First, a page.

The European Commission has agreed to upgrade its internal IT systems to Microsoft Windows 7 without putting the contract out to tender - ignoring its own policy and locking out vendors of alternative, open-source operating systems such as Linux.
According to a report on business IT news site PC World, Commission civil servants agreed in a behind-closed-doors meeting on 15th December to migrate more than 36,000 desktop PCs in European institutions to Windows 7, without opening the contract up to bids from rival suppliers.
The proposal could see the Commission tied to Windows for the next four to five years - a move that runs counter to the Commission's own policy of not locking public procurement in to a specific platform.
Unsurprisingly, rival vendors are upset. Jan Wildeboer of Linux distributor Red Hat told an open-source gathering in Brussels: "The Commission's supposed deal with Microsoft is not really strengthening its own message of avoiding lock-in. We are hopeful that the Commission will practice what it preaches. In the interests of a fair and free market we must have vendor-neutral tendering."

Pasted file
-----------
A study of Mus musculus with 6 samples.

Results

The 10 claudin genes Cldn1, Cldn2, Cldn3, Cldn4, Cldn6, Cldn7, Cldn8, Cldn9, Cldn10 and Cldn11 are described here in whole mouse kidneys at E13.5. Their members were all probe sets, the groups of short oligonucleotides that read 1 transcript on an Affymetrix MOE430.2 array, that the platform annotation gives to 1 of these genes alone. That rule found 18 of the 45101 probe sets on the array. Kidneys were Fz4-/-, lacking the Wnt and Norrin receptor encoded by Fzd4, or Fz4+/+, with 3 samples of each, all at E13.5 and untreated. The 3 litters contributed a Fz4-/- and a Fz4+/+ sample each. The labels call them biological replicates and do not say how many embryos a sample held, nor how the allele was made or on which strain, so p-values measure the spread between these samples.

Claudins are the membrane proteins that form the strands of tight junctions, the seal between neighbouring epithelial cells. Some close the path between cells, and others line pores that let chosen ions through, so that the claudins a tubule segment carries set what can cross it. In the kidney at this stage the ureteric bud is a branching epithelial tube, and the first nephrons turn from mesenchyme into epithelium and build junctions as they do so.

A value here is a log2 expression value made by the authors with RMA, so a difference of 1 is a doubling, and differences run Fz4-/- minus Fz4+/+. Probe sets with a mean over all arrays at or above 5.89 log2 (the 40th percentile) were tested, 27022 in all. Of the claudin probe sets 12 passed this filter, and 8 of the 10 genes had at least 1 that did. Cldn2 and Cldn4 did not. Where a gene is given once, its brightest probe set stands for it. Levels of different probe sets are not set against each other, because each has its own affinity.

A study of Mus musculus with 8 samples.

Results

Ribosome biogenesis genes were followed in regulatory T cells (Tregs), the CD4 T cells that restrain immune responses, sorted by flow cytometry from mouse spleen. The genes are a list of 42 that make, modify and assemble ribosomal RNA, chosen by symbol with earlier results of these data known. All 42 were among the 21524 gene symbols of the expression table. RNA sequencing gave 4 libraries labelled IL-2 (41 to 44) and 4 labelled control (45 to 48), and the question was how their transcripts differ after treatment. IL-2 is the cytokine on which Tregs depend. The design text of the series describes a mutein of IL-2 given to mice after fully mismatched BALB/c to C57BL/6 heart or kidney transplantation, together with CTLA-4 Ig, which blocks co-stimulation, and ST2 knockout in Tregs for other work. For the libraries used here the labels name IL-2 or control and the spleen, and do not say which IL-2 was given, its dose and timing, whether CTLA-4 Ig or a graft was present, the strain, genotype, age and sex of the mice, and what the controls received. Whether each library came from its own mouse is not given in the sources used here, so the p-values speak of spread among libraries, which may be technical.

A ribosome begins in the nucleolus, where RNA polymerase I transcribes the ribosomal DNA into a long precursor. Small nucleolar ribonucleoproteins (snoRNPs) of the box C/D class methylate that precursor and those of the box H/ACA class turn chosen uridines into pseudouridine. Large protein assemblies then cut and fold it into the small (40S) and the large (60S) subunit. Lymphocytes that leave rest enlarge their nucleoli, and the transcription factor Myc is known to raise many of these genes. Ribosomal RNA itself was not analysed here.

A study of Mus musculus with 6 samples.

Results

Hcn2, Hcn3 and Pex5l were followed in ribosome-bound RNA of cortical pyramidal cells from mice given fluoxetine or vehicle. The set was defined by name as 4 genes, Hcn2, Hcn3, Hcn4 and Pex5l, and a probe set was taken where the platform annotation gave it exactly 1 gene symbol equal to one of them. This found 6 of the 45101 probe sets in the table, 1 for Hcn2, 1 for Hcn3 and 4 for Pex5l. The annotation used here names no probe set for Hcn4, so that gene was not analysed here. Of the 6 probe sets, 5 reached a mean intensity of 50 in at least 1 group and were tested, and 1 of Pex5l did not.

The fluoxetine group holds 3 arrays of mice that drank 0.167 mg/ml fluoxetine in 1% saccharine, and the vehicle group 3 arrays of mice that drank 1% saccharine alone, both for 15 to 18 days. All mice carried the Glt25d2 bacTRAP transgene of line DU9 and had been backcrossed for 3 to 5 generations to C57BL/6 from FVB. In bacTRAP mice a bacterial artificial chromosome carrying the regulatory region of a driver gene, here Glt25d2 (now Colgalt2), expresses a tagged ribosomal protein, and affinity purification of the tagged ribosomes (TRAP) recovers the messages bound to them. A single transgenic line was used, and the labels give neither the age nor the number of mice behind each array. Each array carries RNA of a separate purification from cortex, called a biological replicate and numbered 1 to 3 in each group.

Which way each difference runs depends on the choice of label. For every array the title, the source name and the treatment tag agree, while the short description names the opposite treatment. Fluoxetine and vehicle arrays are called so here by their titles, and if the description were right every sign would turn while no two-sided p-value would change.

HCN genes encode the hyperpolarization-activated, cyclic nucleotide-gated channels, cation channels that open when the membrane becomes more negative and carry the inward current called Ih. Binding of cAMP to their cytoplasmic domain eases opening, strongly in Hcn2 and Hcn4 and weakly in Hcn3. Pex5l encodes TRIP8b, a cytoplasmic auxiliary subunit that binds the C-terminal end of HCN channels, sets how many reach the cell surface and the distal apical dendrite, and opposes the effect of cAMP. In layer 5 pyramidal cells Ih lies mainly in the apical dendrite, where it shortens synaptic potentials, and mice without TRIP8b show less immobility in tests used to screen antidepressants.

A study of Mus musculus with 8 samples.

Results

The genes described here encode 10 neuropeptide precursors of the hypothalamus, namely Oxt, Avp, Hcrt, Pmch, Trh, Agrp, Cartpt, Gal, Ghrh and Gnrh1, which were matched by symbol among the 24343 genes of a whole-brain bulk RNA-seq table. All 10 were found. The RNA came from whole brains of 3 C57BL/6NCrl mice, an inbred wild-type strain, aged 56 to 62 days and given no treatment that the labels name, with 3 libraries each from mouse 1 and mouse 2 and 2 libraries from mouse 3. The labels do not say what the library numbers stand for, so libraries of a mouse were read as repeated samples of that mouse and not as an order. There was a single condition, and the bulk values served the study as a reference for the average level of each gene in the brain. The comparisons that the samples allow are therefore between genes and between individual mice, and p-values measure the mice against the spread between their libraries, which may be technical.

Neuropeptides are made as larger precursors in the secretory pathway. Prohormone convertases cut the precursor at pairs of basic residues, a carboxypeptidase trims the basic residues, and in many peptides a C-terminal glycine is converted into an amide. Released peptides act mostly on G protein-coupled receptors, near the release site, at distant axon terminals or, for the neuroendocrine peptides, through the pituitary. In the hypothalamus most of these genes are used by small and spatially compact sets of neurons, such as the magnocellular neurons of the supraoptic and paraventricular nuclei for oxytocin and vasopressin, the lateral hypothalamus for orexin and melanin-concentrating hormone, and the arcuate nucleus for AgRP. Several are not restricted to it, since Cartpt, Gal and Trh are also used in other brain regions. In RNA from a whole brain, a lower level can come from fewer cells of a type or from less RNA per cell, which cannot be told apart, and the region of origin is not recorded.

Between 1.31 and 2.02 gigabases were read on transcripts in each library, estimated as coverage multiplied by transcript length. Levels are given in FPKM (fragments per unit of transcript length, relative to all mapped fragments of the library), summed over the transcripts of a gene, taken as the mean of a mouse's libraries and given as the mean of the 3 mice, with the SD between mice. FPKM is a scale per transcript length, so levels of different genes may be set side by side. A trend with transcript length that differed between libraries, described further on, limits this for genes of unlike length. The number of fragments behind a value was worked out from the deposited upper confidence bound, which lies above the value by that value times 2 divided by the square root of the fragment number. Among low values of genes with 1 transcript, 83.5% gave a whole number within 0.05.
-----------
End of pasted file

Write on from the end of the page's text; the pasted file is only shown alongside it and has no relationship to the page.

Other advocates of open source were less muted in their criticism. Paul Meller, spokesman for Open Forum Europe, said:
"Europe is in danger of rapidly becoming a laggard in this march towards open and fully interoperable computer systems. While some national and regional governments from around Europe have made impressive moves in the right direction, the European Commission remains wedded to a single, closed operating system and shows no signs of even considering an open alternative."
Even within the task force that met in December, there was disagreement over the decision. Although Commission rules permitted the proposal from the Directorate General for Informatics (DIGIT) to make the upgrades using a "negotiated procedure", which allows the Commission to acquire software from a single vendor, representatives from the budget department asked why the contract was not being put out to tender - and demanded that a more competitive procedure should be used next time.
It appears from the minutes of the meeting that the decision was approved in principle due to "contractual time constraints". It is yet to be approved by the Commission's lawyers, but looks set to go ahead.
The upgrade deal could have huge knock-on effects across the European Union, where the governments of member states make up 19 per cent of all software purchases, according to analysts IDC.